Abu Dhabi: After finishing fourth in the second in-port event of the Volvo Ocean Race, Abu Dhabi Ocean Racing's team's Volvo Open 70 race yacht Azzam is on its way negotiating the 5,430 nautical mile home leg to the UAE capital.
Leading the 11-strong crew is two-time Olympic medallist Ian Walker of Britain, bringing with him more than two decades of sailing experience.
Walker was in Abu Dhabi before flying to Cape Town for the challenging leg in the nine-month Volvo Ocean Race, which started in Alicante, Spain, in October and ends in Galway, Ireland, in early July next year.
Speaking to Gulf News in an exclusive interview, Walker gave some insight into the challenges in an event which is referred to as the ‘Everest of Sailing'.
Gulf News: Among the boats in the fray, how do you look at Azzam's chances?
Ian Walker: We went from the biggest high of winning the in-port race by a good margin to then a huge disappointment and a low of breaking a mast on leg one. So we have experienced two ends of the spectrum and that has helped our cause overall. We have a battle now to catch up with the boats ahead of us.
We still do not know how our boat is going to function. We only saw 100 miles on the first leg. So it looks like we are quite strong in lighter winds as we saw in the in-port race. It is still too early to know. The boats are fairly evenly matched. We have a nice sailing team, we have a nice boat and we are still optimistic.
How many crew members are there on a Volvo Sailing boat?
You need ten people and with all sorts of skills. You need some practical skills like you need someone who knows engineering to help with the rig, so you need to have some practical skills across the crew.
Then on the sailing terms we have two watch captains who run the ‘watches' on board. You have the navigator and skipper-in-charge of the performance and the decision-making and who run their watch on board. Then you have two more helmsmen who, along with the skipper and the two watch leaders, will shadow the steering of the boat. Two guys whose main focus is trimming the sails and getting the best speed from the sails. Two more who spend their time in charge of changing the sails, climbing the mast, and two others who move around doing a bit of everything from trimming the sails to moving equipment.
How are the Emirati crew members on Azzam — Adil Khalid and Butti Al Muhairi — faring?
They have done well. It is easy to forget where they started from. They had never sailed in a big boat. They had never done modern racing at all. Traditional dhow sailing was their background. Now they jump on a boat and there are a number of roles on the boat. They are quite comfortable. Butti in particular is very skilled on the short sail. It has been a long journey and they have come very well and they still have got lots to learn. Also physically they have got much stronger than they were. Lots of the work they do is just hard physical work.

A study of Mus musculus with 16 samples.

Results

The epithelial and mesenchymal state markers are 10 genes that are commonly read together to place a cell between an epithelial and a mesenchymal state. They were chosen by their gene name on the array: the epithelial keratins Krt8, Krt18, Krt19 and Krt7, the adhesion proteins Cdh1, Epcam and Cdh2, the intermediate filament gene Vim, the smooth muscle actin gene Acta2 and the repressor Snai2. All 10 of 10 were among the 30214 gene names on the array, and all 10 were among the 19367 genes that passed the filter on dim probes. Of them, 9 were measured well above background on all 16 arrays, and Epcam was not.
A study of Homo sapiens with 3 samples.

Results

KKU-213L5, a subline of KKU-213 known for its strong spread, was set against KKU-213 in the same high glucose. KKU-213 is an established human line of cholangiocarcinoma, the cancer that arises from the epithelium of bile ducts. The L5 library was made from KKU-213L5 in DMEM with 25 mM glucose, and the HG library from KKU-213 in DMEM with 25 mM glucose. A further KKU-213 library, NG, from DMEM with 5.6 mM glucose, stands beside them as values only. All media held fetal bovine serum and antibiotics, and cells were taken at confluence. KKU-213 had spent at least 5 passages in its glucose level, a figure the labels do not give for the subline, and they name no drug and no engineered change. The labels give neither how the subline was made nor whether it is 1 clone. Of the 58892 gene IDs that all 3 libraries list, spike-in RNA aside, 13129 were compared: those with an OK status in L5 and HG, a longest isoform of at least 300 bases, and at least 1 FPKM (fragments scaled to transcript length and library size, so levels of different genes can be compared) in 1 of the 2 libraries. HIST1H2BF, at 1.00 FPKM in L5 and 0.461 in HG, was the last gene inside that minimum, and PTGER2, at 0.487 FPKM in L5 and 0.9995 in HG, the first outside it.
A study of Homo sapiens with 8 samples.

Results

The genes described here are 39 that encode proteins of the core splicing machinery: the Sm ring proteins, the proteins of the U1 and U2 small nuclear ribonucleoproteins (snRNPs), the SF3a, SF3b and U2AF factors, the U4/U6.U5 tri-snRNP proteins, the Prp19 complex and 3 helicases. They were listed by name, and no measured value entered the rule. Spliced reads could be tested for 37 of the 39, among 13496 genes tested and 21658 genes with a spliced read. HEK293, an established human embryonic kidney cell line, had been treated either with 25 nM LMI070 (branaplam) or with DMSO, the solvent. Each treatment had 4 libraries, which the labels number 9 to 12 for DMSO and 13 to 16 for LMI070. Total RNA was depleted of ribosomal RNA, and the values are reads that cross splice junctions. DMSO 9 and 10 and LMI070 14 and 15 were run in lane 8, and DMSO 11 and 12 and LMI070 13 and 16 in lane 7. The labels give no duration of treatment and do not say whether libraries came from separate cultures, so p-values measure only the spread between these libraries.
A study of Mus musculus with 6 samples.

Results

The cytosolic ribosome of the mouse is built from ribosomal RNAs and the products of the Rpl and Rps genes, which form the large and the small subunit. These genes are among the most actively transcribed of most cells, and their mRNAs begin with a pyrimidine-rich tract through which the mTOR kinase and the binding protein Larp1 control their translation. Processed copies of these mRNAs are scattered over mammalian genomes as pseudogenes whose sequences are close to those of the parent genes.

How many days do some of the legs keep the boats sailing?
It depends on the route each year. This year the first five routes are about three weeks long, each of them. Then you have ten days to two weeks ashore.
On a 24-hour scale how long does a crew member get to rest?
At any one point in time we have four people on watch and four people off watch, plus either the skipper or navigator or both. So in theory you do four hours on deck and then you get four hours off watch. So that goes on the whole time — four hours on, four hours off.
The reality is somewhat different when you are off watch. Firstly you have to eat, you have to get undressed and maybe you get into your bed. And then every time you have to change tack or sail you have to get back up to help. So you get quite disturbed off watch or sometimes you get full rest. When it is rough or windy or lots of manoeuvres or sail-changing you can get very tired quite quickly.
How does one keep his motivation and physical fitness at the desired level while on the boat?
One of the most important things is to eat and drink as much as you can. When you don't have fresh food, the food is not very appetising, so it is easy to not eat. But you are working physically 12 hours a day on watch. You need a lot of calories. So it is really important to try and motivate yourself to eat whatever food is put in front of you, whether you like it or not. That is the only source of energy and you have to look after yourself. Even things like cleanliness, there is no shower on board so if you get cuts and bruises they can go septic very quickly. So you have to look after yourself. Some people take an iPod to listen to music, but it is very, very noisy down below.
Which are the new stopovers included this season in the race? Do they throw up new challenges?
Abu Dhabi, Sanya and Auckland are new from the last race. Brazil is new, Miami is new to this race, Brisbane is new, Lorient is new.
Take the leg to America, whether you finish the leg in Miami or Boston, it makes it fundamentally quite different in terms of the last 1,000 miles. It changes the nature of that leg quite a lot. And at the end of the race, because from France and Lisbon, we have quite a few short legs. They are worth the same amount of points as the long legs. A 600-mile leg is worth the same as a three-week leg. It is a good thing for us that we missed a long leg. That may help in some ways — the boys are still fresh, the sails are fresh, so we hope to get some points back.
Which of the legs is the toughest and why?
The toughest leg is sailing from Auckland around the southern ocean around Cape Horn to Brazil. That's the windiest, coldest and the most remote leg. I guess that's the leg the sailors fear the most. In the last race it was my first time around the Cape Horn and I was very nervous as we approached it.